You're reading


Adjusted Gross Income (AGI) vs. Modified Adjusted Gross Income (MAGI)


Adjusted Gross Income (AGI) vs. Modified Adjusted Gross Income (MAGI)

What’s the Difference Between Your AGI and MAGI?

by Kathleen Krueger

When it comes to tax returns, you will often hear two different terms regarding income: Adjusted Gross Income (AGI) and Modified Adjusted Gross Income (MAGI).

Both AGI and MAGI are important in calculating the amount of tax credits and tax deductions that can help lower your tax liability. In many cases, a taxpayer’s AGI and MAGI are the same number (depending on what type of expenses they had during the year).

Understanding the difference between your AGI and MAGI will help you determine what tax breaks are available to you.

READ: 2014 Federal Tax Rates, Personal Exemptions, and Standard Deductions

Adjusted Gross Income (AGI)

Your AGI is the most commonly used income figure. It’s used to determine your income bracket for tax purposes. AGI refers to your total income for the year, minus certain adjustments that are allowed. These adjustments are listed on Page 1 of IRS Form 1040 and include items such as:

• Self-employed retirement and IRA contributions
• Half of self-employment taxes paid
• Alimony payments
• Health savings accounts or self-employed health insurance payments
• Student loan interest and qualified tuition costs

Once the allowed items are subtracted from your income, you arrive at your AGI.

Your AGI determines whether or not you qualify for certain tax credits, such as the Earned Income Credit and the Child/Dependent Care Credit. There are also various tax deductions that are dependent on your AGI — including your total itemized deductions, mortgage insurance premiums, and medical deduction allowances.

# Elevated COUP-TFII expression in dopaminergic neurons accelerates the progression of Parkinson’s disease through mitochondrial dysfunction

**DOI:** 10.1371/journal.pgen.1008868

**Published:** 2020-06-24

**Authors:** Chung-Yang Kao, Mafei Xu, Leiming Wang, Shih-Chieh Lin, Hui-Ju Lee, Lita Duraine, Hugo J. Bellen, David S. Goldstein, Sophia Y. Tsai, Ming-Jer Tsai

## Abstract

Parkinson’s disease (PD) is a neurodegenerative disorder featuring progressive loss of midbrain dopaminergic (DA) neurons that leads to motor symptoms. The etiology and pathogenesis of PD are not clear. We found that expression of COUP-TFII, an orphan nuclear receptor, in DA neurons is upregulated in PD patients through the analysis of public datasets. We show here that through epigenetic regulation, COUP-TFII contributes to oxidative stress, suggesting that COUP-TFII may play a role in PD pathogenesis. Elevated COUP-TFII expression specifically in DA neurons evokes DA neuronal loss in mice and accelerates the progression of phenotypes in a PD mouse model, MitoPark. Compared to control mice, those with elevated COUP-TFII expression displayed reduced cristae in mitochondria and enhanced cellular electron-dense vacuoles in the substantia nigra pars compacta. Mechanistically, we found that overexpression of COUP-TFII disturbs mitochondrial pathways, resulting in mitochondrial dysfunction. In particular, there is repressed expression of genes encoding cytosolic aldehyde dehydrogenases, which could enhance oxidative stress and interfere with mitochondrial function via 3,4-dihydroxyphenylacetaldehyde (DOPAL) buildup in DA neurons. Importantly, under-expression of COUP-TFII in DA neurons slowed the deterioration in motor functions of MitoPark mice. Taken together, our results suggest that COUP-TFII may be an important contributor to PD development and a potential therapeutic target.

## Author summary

READ: Top 5 Tax Deductions for Individuals

Modified Adjusted Gross Income (MAGI)

Your MAGI differs from your AGI in that it may be higher, with certain adjustments added back. (These are the same adjustments that were previously subtracted from your income to arrive at your AGI.) For example, the alimony payments that were subtracted from your income for AGI purposes must be added back to calculate your MAGI.

Some items that can increase your MAGI include the following:

• Tuition-related costs and deductions
• IRA contributions
• Rental losses
• Student loan interest

Like your AGI, your MAGI can determine whether you qualify for certain tax benefits. One of the most popular is the ability to deduct your IRA contributions on your tax return. However, you may not qualify for that deduction if your MAGI is above a certain level.

READ: Taxable Income vs. Non-Taxable Income


If you hire a tax professional to prepare your tax return, they can calculate your AGI and MAGI for you. They can also discuss how both of these amounts affect the tax credits and deductions you are eligible for. Most tax preparation software programs will also calculate those numbers for you.

If you are preparing your own tax return, you will need to research which tax breaks are affected by AGI and MAGI so you can determine the amount of your tax savings.

READ: Who Has to File a Federal Income Tax Return?